Regina city council will have to make tough choices early next year as the city is expected to be in a challenging financial situation.  

Speaking during the Priorities and Planning Committee on Monday, finance staff with city administration outlined a bleak economic forecast.

Staff told city councillors that Regina is expected to pull in revenue of $1 million, but faces costs of at least $7 million, meaning the city may experience a shortfall of at least $6 million.

The shortfall could grow to $8.5 million if the city doesn’t move forward with already planned tax increases to pay for Mosaic Stadium and the Recreational Infrastructure Program.

On top of this, COVID-19 is expected to cost the city anywhere from $12 million to $20 million, said Barry Lacey, the executive director of financial strategy and sustainability, during the meeting.  

“The financial situation Lacey has laid out is one of the most challenging we’ve ever faced as an organization,” said Chris Holden, the city manager and chief administrative officer, during the meeting.

City council will have to figure out how to close the shortfall. They could do it by hiking property taxes, spending fewer dollars on services or dipping into the reserve fund.

During the meeting, councillors wondered if there are other ways the city can generate revenue.

Lacey said Regina, like all other municipalities, is fairly limited in finding new revenue sources given restrictions in provincial legislation.

As well, it appears the city won’t be getting extra dollars through municipal revenue sharing from the province. The revenue sharing program sees dollars collected through the provincial sales tax.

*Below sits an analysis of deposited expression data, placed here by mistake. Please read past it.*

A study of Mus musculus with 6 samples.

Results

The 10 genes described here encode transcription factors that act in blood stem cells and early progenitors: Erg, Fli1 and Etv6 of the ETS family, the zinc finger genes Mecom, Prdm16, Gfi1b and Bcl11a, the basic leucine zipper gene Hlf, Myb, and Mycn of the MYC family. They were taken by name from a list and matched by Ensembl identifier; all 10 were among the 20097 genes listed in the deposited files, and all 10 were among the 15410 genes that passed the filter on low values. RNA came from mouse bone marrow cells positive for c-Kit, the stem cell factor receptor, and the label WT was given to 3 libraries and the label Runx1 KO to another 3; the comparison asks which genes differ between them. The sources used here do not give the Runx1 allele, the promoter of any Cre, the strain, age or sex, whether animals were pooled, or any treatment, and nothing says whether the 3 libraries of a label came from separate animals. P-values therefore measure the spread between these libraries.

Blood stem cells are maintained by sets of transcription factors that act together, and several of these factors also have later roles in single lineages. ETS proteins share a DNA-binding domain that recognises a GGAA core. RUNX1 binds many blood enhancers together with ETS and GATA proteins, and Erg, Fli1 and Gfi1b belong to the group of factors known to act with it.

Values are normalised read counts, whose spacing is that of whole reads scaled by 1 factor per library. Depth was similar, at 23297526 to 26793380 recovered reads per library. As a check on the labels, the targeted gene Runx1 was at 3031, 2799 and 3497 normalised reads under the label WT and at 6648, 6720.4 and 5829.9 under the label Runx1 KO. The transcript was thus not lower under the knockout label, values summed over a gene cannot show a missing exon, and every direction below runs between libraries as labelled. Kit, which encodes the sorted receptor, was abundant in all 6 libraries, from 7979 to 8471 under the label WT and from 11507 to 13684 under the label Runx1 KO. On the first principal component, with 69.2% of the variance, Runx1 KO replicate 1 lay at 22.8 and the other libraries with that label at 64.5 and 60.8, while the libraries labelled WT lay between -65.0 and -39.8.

Lacey said the province is forecasting lower revenues from the PST, which would mean fewer dollars for Regina.

It could mean a loss of revenue of $4 million for the city, Lacey said.

“This is a sobering but realistic state of city finances,” Coun. Bob Hawkins told the committee.

Coun. Lori Bresciani told the committee that Regina shouldn’t sacrifice its services. Instead, she said the city may need to look at cutting certain projects to get through the next couple of years.

“I knew this was not going to be pretty and I think administration has been sending signals to be carful with the decisions you make,” she said.

Lacey said the city will need to be mindful of its long-term plans to maintain its financial viability.

He said economic activity is expected to be modest going forward, with slower growth in revenues from property taxes.

Lacey said the 2021 budget won’t be finalized until after the election this year. He expects the 2021 budget to be released in February.